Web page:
PHNOM PENH // Not one of the 500 seats in the gallery was empty. The saffron robes of Buddhist monks splashed colour into the crowd of foreign diplomats, expatriate Cambodians and villagers. All had travelled to this courtroom on the outskirts of the capital to hear the first verdict to be handed down in an international trial of a Khmer Rouge official.
Behind the bulletproof glass, the defendant, Kaing Guek Eav, known by his revolutionary name, "Duch", stood to hear his sentence. In his lilac, button-down shirt and closely cropped grey hair, the diminutive former torture chief listened impassively. Three decades after the fall of his "Killing Fields" regime, he had been found guilty of war crimes and crimes against humanity. It was a landmark ruling by the UN-backed tribunal, but the sentence drew mixed reactions yesterday, as many Cambodians welcomed the guilty verdict but were enraged that Duch would only serve 19 years of his 35-year sentence.
"I can't accept this. My family died," said Saodi Uch, 46, who broke down in tears outside the courtroom. "I'm the only one left." Duch was found guilty of war crimes and crimes against humanity for his role as head of the Tuol Sleng prison. The prison, also called S-21, was a former high school that became a killing and torture factory during the Khmer Rouge's reign. During his trial, Duch, a former maths teacher, admitted to overseeing the death more than 12,000 people. Some estimates place the death toll as high as 17,000. At least 100 people bled to death in medieval-style medical experiments.
Duch was sentenced to 35 years, but that was reduced by 16 years after he received credit for time served and what the tribunal ruled was illegal detention by the Cambodian government when he was first detained in 1999. "What is unacceptable is to envision him as a free man even for one minute in the public sphere," said Theary Seng, whose family members were killed by the Khmer Rouge. "He should be receiving many life sentences."
Duch, 67, is the first of the former Khmer Rouge cadre to be convicted. The regime is blamed for the death of 1.7 million Cambodians - about one-quarter of the country's population at the time - by executions, starvation, medical neglect and exhaustion in labour camps between 1975 and 1979. Four other senior members of the regime are expected to begin trials in the next year. All four are elderly and have health problems.
Duch is the only one of five detainees to admit responsibility for killings during the regime's four-year rule, during which it attempted through draconian measures such as deportations and forced labour to create a purely agrarian Communist society. With no stipulation for the death penalty under tribunal rules, the prosecution had asked for a 45-year sentence but judges granted a degree of leniency based on mitigating factors including Duch's admission of guilt and co-operation with the court.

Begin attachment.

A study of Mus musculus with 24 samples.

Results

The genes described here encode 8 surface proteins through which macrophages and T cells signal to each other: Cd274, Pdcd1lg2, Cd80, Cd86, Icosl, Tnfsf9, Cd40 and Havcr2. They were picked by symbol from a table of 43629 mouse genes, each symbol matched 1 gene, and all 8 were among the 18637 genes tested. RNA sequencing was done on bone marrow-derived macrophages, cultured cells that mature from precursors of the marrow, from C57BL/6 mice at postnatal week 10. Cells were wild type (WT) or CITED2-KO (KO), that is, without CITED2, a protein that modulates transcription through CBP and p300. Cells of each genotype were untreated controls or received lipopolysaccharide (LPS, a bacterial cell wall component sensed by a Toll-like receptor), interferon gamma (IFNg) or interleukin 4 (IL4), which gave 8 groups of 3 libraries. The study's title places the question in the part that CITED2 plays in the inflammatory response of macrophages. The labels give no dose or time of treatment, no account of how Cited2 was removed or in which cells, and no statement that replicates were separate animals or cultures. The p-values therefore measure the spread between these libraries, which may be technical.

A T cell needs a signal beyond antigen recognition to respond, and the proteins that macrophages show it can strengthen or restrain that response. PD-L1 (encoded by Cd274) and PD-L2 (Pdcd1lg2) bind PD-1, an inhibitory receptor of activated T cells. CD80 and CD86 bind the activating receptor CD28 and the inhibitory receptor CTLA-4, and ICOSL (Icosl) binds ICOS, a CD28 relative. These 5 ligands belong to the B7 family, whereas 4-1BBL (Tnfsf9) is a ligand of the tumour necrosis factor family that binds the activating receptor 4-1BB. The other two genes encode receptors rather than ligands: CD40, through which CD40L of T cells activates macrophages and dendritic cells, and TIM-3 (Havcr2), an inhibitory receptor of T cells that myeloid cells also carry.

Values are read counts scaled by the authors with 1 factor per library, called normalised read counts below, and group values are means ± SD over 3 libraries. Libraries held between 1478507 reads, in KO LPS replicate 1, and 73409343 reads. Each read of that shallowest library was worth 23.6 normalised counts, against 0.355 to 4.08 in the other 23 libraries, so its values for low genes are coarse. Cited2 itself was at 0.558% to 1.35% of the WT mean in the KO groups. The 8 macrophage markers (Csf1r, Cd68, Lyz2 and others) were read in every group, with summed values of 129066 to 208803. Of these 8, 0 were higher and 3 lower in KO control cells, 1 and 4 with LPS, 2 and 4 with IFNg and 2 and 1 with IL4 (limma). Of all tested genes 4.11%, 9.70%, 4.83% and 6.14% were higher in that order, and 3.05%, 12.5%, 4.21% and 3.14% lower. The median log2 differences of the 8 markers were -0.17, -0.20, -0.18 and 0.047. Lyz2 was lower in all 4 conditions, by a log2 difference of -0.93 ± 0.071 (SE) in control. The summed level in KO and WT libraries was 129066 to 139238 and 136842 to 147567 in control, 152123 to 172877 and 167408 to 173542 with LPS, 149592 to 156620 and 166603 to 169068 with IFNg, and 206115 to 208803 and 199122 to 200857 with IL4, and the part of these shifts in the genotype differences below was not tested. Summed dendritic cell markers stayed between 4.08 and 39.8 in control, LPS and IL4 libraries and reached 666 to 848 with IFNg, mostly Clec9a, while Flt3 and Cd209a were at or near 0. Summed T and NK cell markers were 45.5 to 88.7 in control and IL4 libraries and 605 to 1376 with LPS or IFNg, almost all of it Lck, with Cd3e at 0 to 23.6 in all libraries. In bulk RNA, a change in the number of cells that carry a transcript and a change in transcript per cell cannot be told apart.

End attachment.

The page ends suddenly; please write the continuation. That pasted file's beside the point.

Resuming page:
Duch's defence rested upon admitting his role in Khmer Rouge killings and co-operating fully with the court. During his first speech to the tribunal last March, Duch asked forgiveness from his victims. But one of his former employees suggested that Duch had feigned remorse. "I think Duch has a lot of tricks," said Him Huy, a former S-21 prison guard, in a telephone interview from his home in Kandal province. "He confessed because it's his only choice to get a shorter sentence."
Many Cambodians were angered at the thought of Duch's not dying in prison. "He killed many people, so why only 19 years?" asked a villager in Banteay Meanchey province. "During the Khmer Rouge most of my family was killed. " The villager, who asked to remain anonymous, attended a live screening of the verdict at a pagoda in her village. It was one of seven screenings in rural areas put on by the Documentation Centre of Cambodia (DC-Cam).
Savina Sirik, project co-ordinator of DC-Cam, said her organisation was unable to accommodate the requests from across the country asking for help to attend the verdict. So the group decided to hold events in seven provinces, which were each attended by about 200 people. In one district in Pursat, she said, statistics suggested that only five of the 700 families from the Khmer Krom minority survived the Khmer Rouge.
The regime targeted the community because members had migrated from the Mekong Delta in Vietnam during the 1920s, and the Khmer Rouge were virulently anti-Vietnamese. It was Vietnamese-backed forces that finally removed the Khmer Rouge from power in 1979 and ignited a civil war that lasted until 1998. Back at the tribunal, one of only a handful of prisoners to survive S-21 railed against what he considered a light sentence.
"Millions of people were killed, millions of dollars have been spent [on the tribunal], but the killer could be released," said Chum Mey, wiping his eyes as he spoke to reporters. "My tears drop again." Lawyers for the prosecution, however, said they were satisfied with the sentence. "This is a court case, not a football match, so there are no winners or losers," said the deputy prosecutor, William Smith.
"The most important thing is that judgment meets international standards of justice." He added that the prosecution may appeal for a stiffer sentence. The prosecution is building cases against an additional five suspects, but the prime minister, Hun Sen, has said he would rather see the court fail than expand the scope of prosecution. Observers have warned of political interference in upcoming trials, as some former Khmer Rouge members are now high-ranking officials in the Cambodian government and may be worried that information emerging from further testimonies could damage their reputations.